Epilogue is the official bereavement newsletter of Faith & Hope Hospice, the best hospice Los Angeles County has to offer. Serving Los Angeles, Pasadena, and the surrounding communities.
In this issue we explore:
- Managing the Transition from Caregiver to Mourner
- Ambiguous Loss and resources to learn more about this type of grief experience
- Glossary of Grief Terms
- Artwork by Adelina Antoni
- A call for hospice volunteers, including ways to volunteer despite the COVID-19 outbreak
- Book Review: The Long Goodbye
- Movie Review: Steel Magnolias
- Recipe for Apple Cinnamon Cake
A Note From Your Bereavement Services Coordinator
Spring is coming! The cold, snowy days of the harsh Southern California winter draw to a close. (Okay, there’s no snow and cold is a relative term, but it is too chilly for the beach.) We look forward to Spring as a time of rejuvenation, to re-enter the world.
Perhaps your grief has you feeling disconnected or isolated. Spring may not change that, but I hope that our bereavement services can help you through your grief journey.
This edition of Epilogue we learn about Ambiguous Loss, a type of grief that many Faith & Hope Hospice clients experience. We also provide a glossary of grief terms that you may encounter in the months following a death. There is also a special piece of artwork on page 5. This is a reflection on grief expressed by Adelina Antoni, daughter of Faith & Hope Hospice’s President and COO.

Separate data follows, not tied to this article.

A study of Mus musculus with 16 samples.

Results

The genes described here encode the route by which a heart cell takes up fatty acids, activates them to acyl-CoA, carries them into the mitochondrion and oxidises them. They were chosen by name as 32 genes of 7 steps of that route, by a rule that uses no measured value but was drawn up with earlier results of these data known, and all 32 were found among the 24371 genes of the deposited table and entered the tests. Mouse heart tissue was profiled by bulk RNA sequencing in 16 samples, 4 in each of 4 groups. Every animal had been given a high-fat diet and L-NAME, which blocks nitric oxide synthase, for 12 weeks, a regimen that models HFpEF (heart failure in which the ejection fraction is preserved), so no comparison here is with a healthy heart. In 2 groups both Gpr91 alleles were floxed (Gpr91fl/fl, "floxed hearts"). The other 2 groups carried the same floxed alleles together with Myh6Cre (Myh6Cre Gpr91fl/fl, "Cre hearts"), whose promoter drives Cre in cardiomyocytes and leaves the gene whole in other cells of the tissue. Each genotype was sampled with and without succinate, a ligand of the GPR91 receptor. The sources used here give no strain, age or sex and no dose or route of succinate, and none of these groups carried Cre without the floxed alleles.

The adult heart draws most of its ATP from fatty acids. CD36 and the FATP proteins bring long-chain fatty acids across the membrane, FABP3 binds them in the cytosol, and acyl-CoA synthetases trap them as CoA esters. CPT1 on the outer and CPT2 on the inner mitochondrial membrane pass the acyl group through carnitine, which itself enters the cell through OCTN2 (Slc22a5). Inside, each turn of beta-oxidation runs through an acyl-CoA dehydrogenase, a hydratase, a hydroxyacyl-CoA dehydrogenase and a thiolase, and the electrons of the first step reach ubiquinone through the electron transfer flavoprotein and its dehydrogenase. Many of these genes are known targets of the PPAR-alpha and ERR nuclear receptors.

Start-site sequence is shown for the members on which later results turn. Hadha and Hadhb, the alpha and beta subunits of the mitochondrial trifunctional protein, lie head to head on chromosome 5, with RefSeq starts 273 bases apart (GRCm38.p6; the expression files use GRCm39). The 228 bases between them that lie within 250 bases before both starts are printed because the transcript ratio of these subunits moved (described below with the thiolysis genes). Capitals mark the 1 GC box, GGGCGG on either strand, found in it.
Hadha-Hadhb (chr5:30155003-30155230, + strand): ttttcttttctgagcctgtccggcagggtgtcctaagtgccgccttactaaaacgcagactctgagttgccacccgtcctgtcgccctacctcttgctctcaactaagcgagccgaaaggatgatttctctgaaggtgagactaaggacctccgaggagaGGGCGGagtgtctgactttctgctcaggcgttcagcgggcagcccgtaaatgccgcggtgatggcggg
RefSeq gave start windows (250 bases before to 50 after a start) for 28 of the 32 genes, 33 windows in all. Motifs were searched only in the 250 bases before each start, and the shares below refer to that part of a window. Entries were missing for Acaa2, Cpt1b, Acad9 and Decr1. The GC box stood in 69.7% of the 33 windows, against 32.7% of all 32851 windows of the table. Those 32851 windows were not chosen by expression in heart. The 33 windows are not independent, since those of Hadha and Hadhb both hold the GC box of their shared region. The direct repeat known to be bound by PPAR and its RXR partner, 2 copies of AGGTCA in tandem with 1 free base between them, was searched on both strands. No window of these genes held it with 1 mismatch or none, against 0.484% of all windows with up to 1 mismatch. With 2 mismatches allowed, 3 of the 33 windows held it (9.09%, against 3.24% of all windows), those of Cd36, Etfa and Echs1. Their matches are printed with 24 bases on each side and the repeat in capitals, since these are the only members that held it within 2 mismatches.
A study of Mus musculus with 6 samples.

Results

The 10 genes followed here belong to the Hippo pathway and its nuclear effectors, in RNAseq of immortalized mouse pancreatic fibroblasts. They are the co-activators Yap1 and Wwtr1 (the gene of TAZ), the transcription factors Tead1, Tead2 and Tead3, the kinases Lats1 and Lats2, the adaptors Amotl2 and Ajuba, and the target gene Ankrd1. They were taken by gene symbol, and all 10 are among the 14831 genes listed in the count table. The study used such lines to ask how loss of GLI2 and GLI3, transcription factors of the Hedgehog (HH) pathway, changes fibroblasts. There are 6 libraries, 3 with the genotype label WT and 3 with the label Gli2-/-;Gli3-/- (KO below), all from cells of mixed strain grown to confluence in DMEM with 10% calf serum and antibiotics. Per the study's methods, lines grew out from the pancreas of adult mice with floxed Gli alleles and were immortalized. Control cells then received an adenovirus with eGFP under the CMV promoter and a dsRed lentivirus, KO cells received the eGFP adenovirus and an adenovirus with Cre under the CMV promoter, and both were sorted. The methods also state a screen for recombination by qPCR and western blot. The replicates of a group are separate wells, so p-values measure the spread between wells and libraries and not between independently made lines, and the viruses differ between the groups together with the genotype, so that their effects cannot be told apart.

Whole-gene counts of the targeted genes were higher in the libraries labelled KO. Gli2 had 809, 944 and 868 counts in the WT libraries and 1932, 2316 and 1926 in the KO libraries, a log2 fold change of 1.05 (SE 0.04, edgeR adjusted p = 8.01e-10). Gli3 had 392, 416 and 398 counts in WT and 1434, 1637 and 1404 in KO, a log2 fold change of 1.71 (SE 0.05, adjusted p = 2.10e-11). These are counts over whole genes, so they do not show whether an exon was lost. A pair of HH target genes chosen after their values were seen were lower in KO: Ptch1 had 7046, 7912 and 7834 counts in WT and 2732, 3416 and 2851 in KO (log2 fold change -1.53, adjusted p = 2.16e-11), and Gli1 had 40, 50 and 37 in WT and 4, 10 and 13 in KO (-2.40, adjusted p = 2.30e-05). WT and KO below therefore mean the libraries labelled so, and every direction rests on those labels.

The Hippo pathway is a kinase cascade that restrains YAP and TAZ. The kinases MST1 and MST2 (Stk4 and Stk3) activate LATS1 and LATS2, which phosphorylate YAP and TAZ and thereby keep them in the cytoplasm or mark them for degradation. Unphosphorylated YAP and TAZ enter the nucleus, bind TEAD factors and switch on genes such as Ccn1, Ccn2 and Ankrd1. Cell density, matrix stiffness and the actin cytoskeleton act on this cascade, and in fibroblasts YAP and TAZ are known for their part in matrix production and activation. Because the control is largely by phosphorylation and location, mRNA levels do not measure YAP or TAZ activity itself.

All of this in addition our mainstays, including: book and movie reviews, recipe, poetry and other resources. I hope you find these useful and, as always, know that you are not alone in your grief.
-Reid Jacobs, APHSW-C, MSW, CT
Faith and Hope Hospice & Palliative Care is a family-owned company based in Pasadena, CA. We are a member of the National Hospice and Palliative Care Organization, accredited by The Joint Commission, and We Honor Veterans- Level 1 certified.
Faith & Hope was first established in 2007 out of a little office in Burbank, CA. We now serve Burbank, Pasadena, Los Angeles, and the surrounding communities.
Meeting our patient’s psychosocial needs is our priority. We provide comfort care wherever our patients live by using a holistic approach toward their illnesses. We also recognize that tending to the family’s emotional needs is as crucial as the patient’s needs. That’s why were considered the best hospice Los Angeles has to offer.